WASHINGTON – Today, U.S. Sen. Ed Markey and U.S. Rep. Pramila Jayapal led 17 members of Congress in a letter to Federal Trade Commission (FTC) Chair Lina Khan asking for commonsense rules against abuses in the sale and financing of motor vehicles.
A large majority of American consumers rely on their car to get to work, school, healthcare, and other economic necessities. But buying a car is a painful process for consumers that generates tens of thousands of complaints to federal, state and local consumer protection agencies.
“The FTC’s rule would bring welcome clarity and relief to the vast majority of Americans who want to buy a car without being taken advantage of by dishonest auto dealers,” said Erin Witte, Director of Consumer Protection for CFA. “We applaud Senator Markey, Representative Jayapal, and each Senator and Representative who signed this letter to show the FTC that it has support in Congress for a rule that will save consumers real time and money.”
The FTC used its statutory authority to publish a notice of proposed rulemaking last year which addresses some of the most common abuses in the sale and financing of motor vehicles. The rule accounts for the marketplace reality that it is far too difficult and time consuming to learn what price a dealer will accept for a vehicle.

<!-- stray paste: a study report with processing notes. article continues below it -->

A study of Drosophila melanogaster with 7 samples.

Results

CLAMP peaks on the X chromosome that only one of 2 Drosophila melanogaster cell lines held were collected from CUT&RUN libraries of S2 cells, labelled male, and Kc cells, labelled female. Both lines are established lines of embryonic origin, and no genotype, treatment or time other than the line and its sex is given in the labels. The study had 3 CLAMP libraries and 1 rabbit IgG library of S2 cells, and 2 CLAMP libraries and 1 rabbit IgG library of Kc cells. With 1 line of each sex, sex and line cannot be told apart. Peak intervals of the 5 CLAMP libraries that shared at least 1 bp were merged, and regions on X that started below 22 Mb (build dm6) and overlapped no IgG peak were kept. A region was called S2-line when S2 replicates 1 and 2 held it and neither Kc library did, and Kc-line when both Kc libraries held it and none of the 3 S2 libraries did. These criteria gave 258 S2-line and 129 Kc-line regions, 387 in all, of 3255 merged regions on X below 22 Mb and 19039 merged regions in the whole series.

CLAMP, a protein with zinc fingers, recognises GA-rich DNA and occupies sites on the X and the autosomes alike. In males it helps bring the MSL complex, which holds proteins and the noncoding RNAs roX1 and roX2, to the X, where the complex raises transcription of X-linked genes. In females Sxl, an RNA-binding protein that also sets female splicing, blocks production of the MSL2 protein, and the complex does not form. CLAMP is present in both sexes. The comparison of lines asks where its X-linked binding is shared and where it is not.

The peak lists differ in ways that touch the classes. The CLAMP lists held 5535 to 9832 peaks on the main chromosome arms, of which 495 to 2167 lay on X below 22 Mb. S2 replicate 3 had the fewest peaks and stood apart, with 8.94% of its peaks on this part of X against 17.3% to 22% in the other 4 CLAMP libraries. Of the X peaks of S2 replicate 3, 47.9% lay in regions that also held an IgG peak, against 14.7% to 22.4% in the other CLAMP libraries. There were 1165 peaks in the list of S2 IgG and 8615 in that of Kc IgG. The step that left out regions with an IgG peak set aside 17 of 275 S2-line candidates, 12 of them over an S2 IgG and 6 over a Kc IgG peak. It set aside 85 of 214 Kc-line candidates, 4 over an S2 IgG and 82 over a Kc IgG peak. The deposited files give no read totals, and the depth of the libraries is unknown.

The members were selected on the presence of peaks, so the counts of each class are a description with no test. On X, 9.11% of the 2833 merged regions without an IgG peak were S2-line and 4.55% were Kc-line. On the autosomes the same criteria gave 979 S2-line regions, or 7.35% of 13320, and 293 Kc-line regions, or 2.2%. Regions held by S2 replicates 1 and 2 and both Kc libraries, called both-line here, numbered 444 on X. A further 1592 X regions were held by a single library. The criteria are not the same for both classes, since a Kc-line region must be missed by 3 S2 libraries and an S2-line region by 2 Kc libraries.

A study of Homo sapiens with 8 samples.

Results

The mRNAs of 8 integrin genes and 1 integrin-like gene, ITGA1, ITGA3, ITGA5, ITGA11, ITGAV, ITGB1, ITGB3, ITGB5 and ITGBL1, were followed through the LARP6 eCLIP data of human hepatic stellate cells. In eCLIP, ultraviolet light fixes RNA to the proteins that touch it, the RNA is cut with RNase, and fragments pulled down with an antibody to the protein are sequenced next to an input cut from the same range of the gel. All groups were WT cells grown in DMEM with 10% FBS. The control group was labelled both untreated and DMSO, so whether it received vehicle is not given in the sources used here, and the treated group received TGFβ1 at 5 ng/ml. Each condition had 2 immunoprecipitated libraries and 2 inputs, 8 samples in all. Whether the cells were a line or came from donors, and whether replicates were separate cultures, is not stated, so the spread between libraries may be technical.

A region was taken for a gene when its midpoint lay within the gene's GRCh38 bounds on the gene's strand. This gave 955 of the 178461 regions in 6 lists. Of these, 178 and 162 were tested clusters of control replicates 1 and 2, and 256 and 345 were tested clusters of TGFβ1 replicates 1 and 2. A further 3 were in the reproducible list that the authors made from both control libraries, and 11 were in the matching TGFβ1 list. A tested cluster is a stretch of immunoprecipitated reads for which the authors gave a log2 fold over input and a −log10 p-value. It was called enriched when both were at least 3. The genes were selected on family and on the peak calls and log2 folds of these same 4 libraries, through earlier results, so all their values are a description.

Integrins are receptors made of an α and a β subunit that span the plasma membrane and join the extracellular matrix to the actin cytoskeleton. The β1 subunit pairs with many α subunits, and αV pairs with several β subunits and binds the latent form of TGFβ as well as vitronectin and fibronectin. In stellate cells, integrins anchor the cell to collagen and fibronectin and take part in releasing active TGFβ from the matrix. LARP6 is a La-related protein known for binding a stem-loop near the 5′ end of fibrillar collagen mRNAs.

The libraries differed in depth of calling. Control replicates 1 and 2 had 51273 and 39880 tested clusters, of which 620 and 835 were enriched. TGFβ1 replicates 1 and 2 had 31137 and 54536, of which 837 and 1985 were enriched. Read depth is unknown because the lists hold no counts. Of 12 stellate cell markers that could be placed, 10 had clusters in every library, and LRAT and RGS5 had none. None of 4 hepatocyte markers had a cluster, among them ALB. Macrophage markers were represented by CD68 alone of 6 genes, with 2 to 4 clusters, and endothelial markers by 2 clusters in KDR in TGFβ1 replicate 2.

“A lack of transparency in auto financing obscures the true cost of a car and invites discrimination by unscrupulous auto dealers,” said John Van Alst, senior attorney at the National Consumer Law Center. “The FTC’s rulemaking seeks to address bait and switch pricing and the all too often lack of pricing information by requiring dealers to provide clear, upfront pricing for all buyers.”
Consumers have long complained that dealers unfairly tack on fees and charges that were not disclosed earlier in the process or which pay for useless and worthless add-on products and services. The FTC seeks to bring fairness to the marketplace by leveling the playing field and ensuring that dishonest dealers do not steal competition from honest dealers with this “bait and switch” conduct.